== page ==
They'll be skiing into May. and then comes Tuckerman's Ravine ...
In any case a ski year full of event. From the tragedy of Ulli Maier's death in a downhill race to the enormous and unexpected triumphs at Lillehammer of Diane Roffe and Tommy Moe and, oh, yes, Picabo Street of Ketchum.
Also a year in which journalism lost in a ski accident a talented colleague and former Ad Age executive editor, Dennis Chase. Of this, more to come.
Against the background, very obviously, of the Winter Games in Norway, some 325 advertising, marketing, media and allied types gathered earlier this month at Hunter Mountain for the seventh annual Advertising Agency Ski Challenge.
We drove up early on Friday (I like to sneak in a day of practice before things get serious). It is about 135 miles from midtown Manhattan to the Catskill Mountains where Rip Van Winkle once slept, and in recent years you might drive the whole way without seeing snow until the mountain itself, the trails white from snowmaking with the rest of the hill bare and brown. Not this year; this time the snow began in Manhattan and just never quit.
God bless four-wheel drive!
Good Houskeeping's Alan Waxenberg has been a sort of local Jean-Claude Killy of the Ad Age ski races since I've been attending while a company called Sitour does the actual work of running the event.
Forecasts called for splendid weather all weekend, sunny and with temperatures just above freezing. Perfecto! And that's how it was Friday. On Saturday at dawn I woke to a thermometer reading of 10 degrees and snow flurries that got heavier and heavier. But by 11 a.m. when the races began on the Nastar course (parallel gates and parallel slalom courses with two competitors racing side by side for two runs), it was warming nicely and the sun was peeking through gray cloud.
And has the skiing ever been better?
In the major races, for the clients, Smart Money grabbed top money by less than a second over Wall Street Journal Team One.
On the Smart Money squad were Chris Lambiase, Meghan Gluney, Robert P. Fritze, Tracy Loughlin and Michael De Carlo. And well done, all! For the Journal it was Saul Federman, Holly McElreath (sign her up; she won a year ago as well!), Jack Hyndman, Michael Spane and Bill DiModugno.
In third place was Rodale Press, John Fales, JoAnn Policelli, Robert J. Cale, Jeff Gropper and Jonathan Daniels. In fourth was Wall Street Journal Team Two (do these people actually go to work or just ski for a living?) followed by gallant Ad Age. Other client teams competing included Barron's, two squads from R.H. Donnelley, three from Fortune and Time Inc. and one from MRI.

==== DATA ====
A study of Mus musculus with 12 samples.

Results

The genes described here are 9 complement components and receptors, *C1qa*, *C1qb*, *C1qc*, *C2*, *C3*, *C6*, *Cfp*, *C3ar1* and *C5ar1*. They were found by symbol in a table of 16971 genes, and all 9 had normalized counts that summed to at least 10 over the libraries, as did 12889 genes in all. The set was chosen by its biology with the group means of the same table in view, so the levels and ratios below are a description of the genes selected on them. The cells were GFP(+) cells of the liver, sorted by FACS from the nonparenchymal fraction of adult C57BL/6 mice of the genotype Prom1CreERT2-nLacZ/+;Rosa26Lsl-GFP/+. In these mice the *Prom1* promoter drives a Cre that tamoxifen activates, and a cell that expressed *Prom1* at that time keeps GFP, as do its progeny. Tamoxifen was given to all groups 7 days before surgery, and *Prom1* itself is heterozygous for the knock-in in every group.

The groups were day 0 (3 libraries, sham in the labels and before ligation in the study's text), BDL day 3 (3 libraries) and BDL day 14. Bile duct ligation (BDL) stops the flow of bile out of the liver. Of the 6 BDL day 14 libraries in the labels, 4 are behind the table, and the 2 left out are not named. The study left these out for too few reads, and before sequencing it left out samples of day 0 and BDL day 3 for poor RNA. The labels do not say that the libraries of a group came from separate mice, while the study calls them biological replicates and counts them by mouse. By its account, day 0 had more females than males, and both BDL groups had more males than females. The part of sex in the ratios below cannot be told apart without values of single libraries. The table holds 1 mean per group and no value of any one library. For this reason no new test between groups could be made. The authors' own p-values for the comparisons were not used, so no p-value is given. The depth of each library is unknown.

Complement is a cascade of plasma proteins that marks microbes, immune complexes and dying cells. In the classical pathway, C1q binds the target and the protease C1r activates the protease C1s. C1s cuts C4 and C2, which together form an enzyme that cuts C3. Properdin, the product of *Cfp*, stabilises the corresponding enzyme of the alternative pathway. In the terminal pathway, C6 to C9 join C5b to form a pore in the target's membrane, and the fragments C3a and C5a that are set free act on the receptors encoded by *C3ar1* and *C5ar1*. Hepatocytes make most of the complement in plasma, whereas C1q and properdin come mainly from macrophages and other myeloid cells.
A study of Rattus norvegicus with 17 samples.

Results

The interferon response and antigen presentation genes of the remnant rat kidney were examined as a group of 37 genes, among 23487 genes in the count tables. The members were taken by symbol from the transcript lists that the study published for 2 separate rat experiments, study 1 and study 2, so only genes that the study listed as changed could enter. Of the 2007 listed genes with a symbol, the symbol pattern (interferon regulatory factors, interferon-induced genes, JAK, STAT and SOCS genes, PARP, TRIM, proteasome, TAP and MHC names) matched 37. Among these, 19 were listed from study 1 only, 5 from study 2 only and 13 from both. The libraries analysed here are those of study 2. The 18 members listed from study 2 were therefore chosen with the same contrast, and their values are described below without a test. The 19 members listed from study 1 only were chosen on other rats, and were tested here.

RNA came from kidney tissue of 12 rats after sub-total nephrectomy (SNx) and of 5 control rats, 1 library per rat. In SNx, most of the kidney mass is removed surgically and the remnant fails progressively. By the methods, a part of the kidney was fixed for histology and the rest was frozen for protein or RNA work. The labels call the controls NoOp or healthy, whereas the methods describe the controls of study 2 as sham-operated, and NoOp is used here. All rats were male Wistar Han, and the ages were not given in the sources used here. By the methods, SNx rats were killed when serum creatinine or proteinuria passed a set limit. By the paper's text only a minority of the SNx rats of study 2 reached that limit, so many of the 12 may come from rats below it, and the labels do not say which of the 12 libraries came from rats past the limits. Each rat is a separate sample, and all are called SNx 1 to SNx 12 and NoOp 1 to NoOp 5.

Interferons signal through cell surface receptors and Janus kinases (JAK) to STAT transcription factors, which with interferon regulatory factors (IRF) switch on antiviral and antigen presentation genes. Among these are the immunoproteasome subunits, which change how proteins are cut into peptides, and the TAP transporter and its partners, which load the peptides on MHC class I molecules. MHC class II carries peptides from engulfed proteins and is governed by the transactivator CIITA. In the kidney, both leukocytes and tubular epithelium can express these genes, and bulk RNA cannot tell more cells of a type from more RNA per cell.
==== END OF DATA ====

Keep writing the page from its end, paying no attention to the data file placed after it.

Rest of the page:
Among the ad agencies, Luyk Miller Pelton was swiftest. Their stars: Clifton Mark, Kam Hoopes, Susan Schoonmaker, Jeff Bucko Greiner and Marjolaine Arsenault. Grey Team Three was second with Peter Isaia, Stephanie Esposito, Tom Evans, Allyson Gracie and Gardiner Welch. In third place, FCB Team Four, Jennifer Harkins, Gordon Spater, Cathrine Bozzo, John Flood, and Dennis Johnson.
Grey's Team Four came in just ahead of Biederman Kelly & Shaffer. In all, 27 agency teams competed, which may be a new record. (And I might say the spellings above are courtesy of the Karl Plattner Ski School at Hunter and I'm sure several of them are correct. "Achtung, Karl, get mit der spelling!")
In the individual competitions, among women clients, Holly McElreath won, followed by Meghan Gluney, Michele Spane, Joanne Policelli and Tracy Loughlin. For the client males, Jack Hyndman took the gold, followed by Chris Lambiase, Robert P. Fritze, John Fales, and John McShea of Barron's.
In the agency races, the top man was Kam Hoopes, followed by Thomas Hoya of Thompson, John P. Kelly of Biederman, David Beatus of FCB, and Andy Zevon of Thompson. Taking the agency gold for women was Noel R. Caban of Bozell. Second came Cathrine Bozzo of FCB, then Nori Possavino of Saatchi, Heather Rowe and Janice DiMaggio of McCann-Erickson.
At the cocktail and dinner former Olympian Doug Lewis talked movingly about the Olympic experience (apparently the best fun is the closing parade when you can stroll out with new pals, fellow luge drivers, for example, and not stick with your national squad) and lots of new skis and other prizes were handed out following speeches and stuff and announcement of the best linked-snowplow turns. Sunday the sun was out all day. So were vast crowds. And the skiing was easy. ...
For those of us who work at Ad Age all this jollity and sport and camaraderie was being played out against the sad fact of Dennis Chase's death. He was killed, as you may know, while skiing with his 14-year-old son Justin at the Brighton Resort above Salt Lake City on Feb. 15. He was 47.
The irony is, to be killed skiing, you have to be a good skier, to get going fast enough to be badly hurt. Dennis was good. Good at a lot of things. He was smart and creative and tough and he often drove people nuts. No one spun off ideas faster than Dennis did and when you generate that many, there are always going to be clunkers. But amid them, the gems! It was Dennis who made me go to Eastern Europe four years ago when the Wall was coming down. It was Dennis who chased me to the conventions of '92. It was also Dennis who conceived briefly (and implausibly) an idea I should spend one week a month in California year 'round. Can't you just see those expense accounts?
He's gone now. I miss his bark. Miss his bite.